Two Valley congressmen from different parties found some common ground Monday on one of the most divisive issues facing the nation: Immigration reform.
Reps. Jim Costa, D-Fresno, and David Valadao, R-Hanford, told more than 80 people at a town hall meeting at Fresno City Hall that immigration reform is needed.
The Senate last week passed a bipartisan reform bill by a 68-32 vote, but it faces an uncertain future in the House of Representatives, where a number of leading Republicans have announced their opposition.
During Monday's two-hour town hall, hosted by Radio Bilingüe and broadcast live, Valadao gave Valley residents hope for what's ahead.
"I'm here to listen. I want to see immigration reform move forward that will be good for our district," he said.
Valadao said the Senate version of the bill is not likely to get a hearing in the House. He said fellow House members link the bill with "amnesty," but the first step to move the debate forward is to have an open dialogue.
"Once you talk to the members and explain to them it's a process, where they can work for it, appreciate it and someday become citizens -- just like my parents did -- most members begin to understand," Valadao said.
Costa, who has made clear his support for immigration reform, called it the "right thing to do for the dignity of mankind.
"We must give the 11 million people that are currently living in the shadow the opportunity they deserve to become a part of this great country of ours," Costa said.
Valadao's remarks surprised some in the audience, who expected the Hanford Republican to balk at reform.
Martha Cornejo of Fresno was one of them. She said she went to the forum to speak directly with the congressmen about the Senate's reform bill.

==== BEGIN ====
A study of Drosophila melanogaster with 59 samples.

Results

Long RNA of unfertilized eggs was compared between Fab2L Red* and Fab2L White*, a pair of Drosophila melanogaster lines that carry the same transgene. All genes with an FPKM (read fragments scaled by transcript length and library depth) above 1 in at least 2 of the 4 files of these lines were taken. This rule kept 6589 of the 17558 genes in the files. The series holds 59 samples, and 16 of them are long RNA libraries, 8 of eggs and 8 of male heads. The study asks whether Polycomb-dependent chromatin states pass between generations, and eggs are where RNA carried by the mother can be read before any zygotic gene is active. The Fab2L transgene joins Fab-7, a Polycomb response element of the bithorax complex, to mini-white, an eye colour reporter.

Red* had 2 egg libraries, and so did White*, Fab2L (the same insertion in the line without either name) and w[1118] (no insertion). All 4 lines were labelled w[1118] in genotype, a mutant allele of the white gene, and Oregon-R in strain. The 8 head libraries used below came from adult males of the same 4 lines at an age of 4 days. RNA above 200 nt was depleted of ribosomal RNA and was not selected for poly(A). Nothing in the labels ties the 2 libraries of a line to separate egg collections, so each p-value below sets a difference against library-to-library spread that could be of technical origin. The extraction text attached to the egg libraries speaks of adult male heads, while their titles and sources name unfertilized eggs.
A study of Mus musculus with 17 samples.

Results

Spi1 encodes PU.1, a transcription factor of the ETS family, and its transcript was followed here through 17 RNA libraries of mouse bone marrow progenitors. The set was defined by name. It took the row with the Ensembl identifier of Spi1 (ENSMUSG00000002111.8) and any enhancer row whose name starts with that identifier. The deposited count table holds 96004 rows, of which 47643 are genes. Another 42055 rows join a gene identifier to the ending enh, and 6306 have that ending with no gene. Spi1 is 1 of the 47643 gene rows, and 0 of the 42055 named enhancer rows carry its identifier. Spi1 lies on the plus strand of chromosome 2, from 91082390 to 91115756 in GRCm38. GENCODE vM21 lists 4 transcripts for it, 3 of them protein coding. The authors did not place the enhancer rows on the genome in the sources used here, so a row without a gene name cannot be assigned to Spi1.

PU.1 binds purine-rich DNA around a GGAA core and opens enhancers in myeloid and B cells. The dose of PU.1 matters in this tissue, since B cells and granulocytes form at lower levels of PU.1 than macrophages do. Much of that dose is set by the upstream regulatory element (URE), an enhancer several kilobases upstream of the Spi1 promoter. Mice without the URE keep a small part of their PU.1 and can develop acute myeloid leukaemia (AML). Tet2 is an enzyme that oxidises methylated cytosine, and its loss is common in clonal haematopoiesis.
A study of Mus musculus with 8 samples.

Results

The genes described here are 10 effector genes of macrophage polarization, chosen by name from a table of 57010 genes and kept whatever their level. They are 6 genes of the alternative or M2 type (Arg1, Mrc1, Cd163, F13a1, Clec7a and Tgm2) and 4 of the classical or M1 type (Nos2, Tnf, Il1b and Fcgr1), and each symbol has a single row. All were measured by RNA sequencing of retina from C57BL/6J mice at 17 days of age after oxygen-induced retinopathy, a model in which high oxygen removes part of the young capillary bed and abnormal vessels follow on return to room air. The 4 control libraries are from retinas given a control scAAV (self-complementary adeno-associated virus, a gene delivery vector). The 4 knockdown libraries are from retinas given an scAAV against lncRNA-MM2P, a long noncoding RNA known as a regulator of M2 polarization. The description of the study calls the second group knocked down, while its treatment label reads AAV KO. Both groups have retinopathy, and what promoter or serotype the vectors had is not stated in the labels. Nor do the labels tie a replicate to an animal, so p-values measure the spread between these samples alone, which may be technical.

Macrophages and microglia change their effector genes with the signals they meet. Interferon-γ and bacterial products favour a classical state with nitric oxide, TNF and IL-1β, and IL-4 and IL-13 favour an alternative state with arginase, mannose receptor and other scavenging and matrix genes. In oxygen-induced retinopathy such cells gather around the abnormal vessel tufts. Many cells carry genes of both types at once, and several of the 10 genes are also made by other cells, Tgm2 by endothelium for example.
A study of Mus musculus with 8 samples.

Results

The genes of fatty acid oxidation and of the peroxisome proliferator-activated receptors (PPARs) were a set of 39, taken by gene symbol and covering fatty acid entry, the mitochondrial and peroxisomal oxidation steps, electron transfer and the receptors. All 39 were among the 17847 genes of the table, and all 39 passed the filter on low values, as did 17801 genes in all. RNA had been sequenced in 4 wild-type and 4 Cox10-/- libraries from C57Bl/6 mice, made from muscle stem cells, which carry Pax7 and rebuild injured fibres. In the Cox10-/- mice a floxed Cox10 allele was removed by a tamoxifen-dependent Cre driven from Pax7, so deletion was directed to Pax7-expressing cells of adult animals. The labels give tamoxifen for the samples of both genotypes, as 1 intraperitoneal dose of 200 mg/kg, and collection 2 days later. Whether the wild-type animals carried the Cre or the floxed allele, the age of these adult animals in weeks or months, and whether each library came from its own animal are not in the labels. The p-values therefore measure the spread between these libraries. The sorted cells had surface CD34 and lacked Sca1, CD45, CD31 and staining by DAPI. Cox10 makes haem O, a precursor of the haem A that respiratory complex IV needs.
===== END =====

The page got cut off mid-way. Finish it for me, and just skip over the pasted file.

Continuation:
"I thought since Valadao is Republican he was going to be against it. But after listening to both, they inspired me," Cornejo said. "I know it's not going to be easy but we have to work together and move this bill forward."
The first hour of the bilingual forum provided a platform for residents to ask a panel questions about immigration reform and the Deferred Action for Children Arrivals program. The program does not grant legal residency, but accepted youths who meet the criteria receive a two-year reprieve from the threat of deportation, temporary authorization to work in the country and, in many states, the ability to apply for driver's licenses.
The panel included Diana Tellefson of the United Farm Workers Foundation, Fowler Mayor David Cardenas, and Santiago Avila-Gomez of California Rural Legal Assistance Foundation, among others.
Earlier in the day, supporters of immigration reform held a news conference outside of Costa's Fresno office to thank him for supporting reform, and to urge him to keep pressing to get it passed.
Clarita Cortes, the community outreach coordinator for the United Farm Workers Foundation, spoke at a podium with signs held up behind her that read "Keep Families Together" and "Thank you" directed at Costa for his immigration reform support.
Farmworkers are the backbone of the agriculture industry, Cortes said. Children brought by their farmworker parents to the United States at a young age know this as their home and live in fear of being deported.
The Senate bill includes a path to citizenship for undocumented immigrants, increasing border security by completing a 700-mile fence and adding more border security officers. Young undocumented immigrants who entered the U.S. as children could receive a green card in five years.
This is what Olga Solorio has striven for to help her students. She is a volunteer with Organizing for Action -- the group that organized Monday's news conference -- and a teacher at Annie R. Mitchell Elementary School in Visalia.
Solorio said she told the mother of one of her second-grade students how bright the child was, and how the girl had the potential to some day go to college.
The child's mother said college isn't an option because she is not a citizen, and her daughter will grow up to work in the fields.
"That just broke my heart because I could see the potential in this little girl," Solorio said.
Solorio said that child was just one example of students who can't get financial aid or who face other barriers because of their residency status.